Four days after winning the World Series, Florida owner Wayne Huizenga and president Don Smiley called Dombrowski and manager Jim Leyland to a meeting with one topic on their minds: dismantling the Marlins. Dombrowski was told to cut the payroll from $53 million to $25 million because Smiley, who is putting together a group to buy the team, cannot afford to carry the losses that all the deep-pocketed Huizenga did.
"We all feel bad," Dombrowski says. "It's not a pleasant experience. But you can't sit around feeling sorry for yourself. It's not what I prefer. But this is what I do. I work in baseball. I meet the challenge."
Only Connie Mack's sell-off of the 1914 Philadelphia Athletics comes close to matching the swiftness and thoroughness of the Marlins' plans to raze a champion. The wrecking ball swung first on Nov. 11 when Dombrowski sent Alou to the Astros for three minor leaguers 10 minutes before the 2 p.m. deadline for making deals. (There was a moratorium on trades until after Tuesday's expansion draft.) Last Saturday, Dombrowski predicted that he could announce three or four other deals following the draft. According to sources, among the trades he was working on were deals to send Brown to the Cardinals for a couple of young pitchers, Sheffield to the Mets for outfielder Bernard Gilkey, and righthanded closer Robb Nen to Boston for two prospects.
Meanwhile, Houston, which in 2000 will open the kind of baseball-only park the Marlins covet, emphatically stamped itself as a team headed upward—even with an all-righthanded-hitting lineup. Never in the franchise's 36 years had the Astros traded for a player of Alou's All-Star caliber. Houston also remained in contention to re-sign Kile, who was fielding offers from the Diamondbacks, the Padres and the Rockies.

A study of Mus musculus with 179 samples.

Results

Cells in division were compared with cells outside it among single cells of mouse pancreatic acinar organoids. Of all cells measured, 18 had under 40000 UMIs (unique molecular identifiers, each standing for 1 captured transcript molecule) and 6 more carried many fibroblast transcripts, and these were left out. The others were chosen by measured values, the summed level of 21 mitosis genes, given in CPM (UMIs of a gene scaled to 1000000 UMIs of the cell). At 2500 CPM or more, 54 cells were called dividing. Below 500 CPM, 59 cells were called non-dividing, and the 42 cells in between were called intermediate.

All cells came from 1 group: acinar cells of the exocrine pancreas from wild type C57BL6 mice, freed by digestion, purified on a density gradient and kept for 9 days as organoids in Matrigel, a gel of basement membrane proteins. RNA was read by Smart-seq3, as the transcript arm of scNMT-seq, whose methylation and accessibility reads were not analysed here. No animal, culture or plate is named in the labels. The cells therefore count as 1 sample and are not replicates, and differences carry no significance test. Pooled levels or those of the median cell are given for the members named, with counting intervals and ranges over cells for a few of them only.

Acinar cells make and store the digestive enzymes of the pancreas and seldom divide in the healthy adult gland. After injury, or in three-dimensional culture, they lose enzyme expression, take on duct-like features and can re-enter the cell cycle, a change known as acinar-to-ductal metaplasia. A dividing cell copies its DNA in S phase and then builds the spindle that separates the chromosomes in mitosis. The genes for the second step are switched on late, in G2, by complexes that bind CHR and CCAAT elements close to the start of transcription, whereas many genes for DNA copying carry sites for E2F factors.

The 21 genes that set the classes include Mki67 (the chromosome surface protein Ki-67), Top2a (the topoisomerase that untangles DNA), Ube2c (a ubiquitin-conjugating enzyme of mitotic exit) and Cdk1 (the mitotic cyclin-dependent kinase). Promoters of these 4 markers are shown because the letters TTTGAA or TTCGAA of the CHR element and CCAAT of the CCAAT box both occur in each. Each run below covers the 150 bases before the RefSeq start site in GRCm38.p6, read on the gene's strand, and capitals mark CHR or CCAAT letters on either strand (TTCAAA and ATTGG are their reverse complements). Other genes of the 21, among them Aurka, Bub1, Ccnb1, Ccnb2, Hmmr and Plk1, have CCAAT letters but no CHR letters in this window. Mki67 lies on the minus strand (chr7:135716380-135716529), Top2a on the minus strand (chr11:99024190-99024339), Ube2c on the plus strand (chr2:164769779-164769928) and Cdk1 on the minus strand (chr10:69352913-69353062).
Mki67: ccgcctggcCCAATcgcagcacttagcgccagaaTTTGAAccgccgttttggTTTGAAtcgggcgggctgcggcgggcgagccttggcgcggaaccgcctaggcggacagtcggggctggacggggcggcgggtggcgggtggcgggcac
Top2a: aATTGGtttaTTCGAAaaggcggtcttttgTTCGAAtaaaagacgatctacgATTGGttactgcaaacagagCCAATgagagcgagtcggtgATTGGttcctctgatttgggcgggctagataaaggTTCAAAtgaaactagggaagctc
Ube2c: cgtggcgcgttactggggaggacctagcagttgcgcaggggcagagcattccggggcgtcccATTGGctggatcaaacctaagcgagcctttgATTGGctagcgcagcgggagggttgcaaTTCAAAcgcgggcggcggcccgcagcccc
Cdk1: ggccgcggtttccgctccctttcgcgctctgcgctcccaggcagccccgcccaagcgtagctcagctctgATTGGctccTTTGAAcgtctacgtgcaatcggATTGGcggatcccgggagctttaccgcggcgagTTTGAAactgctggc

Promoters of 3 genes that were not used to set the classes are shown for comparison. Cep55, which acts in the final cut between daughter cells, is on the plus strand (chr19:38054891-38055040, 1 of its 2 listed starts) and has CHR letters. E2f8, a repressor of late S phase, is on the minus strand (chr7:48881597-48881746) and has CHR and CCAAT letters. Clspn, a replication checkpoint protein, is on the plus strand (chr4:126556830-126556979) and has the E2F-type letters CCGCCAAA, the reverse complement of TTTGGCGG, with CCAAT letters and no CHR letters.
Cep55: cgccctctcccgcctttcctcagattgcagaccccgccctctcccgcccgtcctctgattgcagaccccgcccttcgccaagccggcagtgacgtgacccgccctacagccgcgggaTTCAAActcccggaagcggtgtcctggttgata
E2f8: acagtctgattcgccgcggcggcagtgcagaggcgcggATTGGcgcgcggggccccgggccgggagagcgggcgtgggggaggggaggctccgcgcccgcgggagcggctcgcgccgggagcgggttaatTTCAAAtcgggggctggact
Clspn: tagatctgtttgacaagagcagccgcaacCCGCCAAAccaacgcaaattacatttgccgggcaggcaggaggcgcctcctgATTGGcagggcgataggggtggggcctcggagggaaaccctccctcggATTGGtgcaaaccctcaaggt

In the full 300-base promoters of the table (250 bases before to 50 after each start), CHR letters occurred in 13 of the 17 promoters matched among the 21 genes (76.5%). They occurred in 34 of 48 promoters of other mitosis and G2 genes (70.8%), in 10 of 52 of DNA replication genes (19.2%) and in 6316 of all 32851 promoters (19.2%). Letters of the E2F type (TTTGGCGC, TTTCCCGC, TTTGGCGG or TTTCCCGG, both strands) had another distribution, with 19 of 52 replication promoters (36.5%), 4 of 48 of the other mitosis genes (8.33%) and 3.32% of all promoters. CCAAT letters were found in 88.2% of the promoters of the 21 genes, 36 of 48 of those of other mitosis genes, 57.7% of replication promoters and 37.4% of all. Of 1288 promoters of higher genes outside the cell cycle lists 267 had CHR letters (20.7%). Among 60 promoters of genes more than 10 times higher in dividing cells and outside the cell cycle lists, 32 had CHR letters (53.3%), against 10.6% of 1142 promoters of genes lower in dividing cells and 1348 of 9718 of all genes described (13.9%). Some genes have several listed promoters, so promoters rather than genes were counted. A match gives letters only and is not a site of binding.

Davey Johnson resigned from the Orioles on Nov. 5, instead of waiting a few weeks lobe fired, so that he could be considered for other managerial openings. But the mushroom cloud from his battle with Baltimore owner Peter Angelos may keep him from starting next season with a job. According to a highly placed source, Blue Jays general manager Gord Ash, having clashed with ousted manager Cito Gaston, is cool toward hiring Johnson for fear of similar difficulties. Ash is less worried about a stressful relationship with his other three finalists: Larry Bowa, Tim Johnson and Buck Martinez. Davey Johnson has not been mentioned for the other remaining managerial opening, with the White Sox.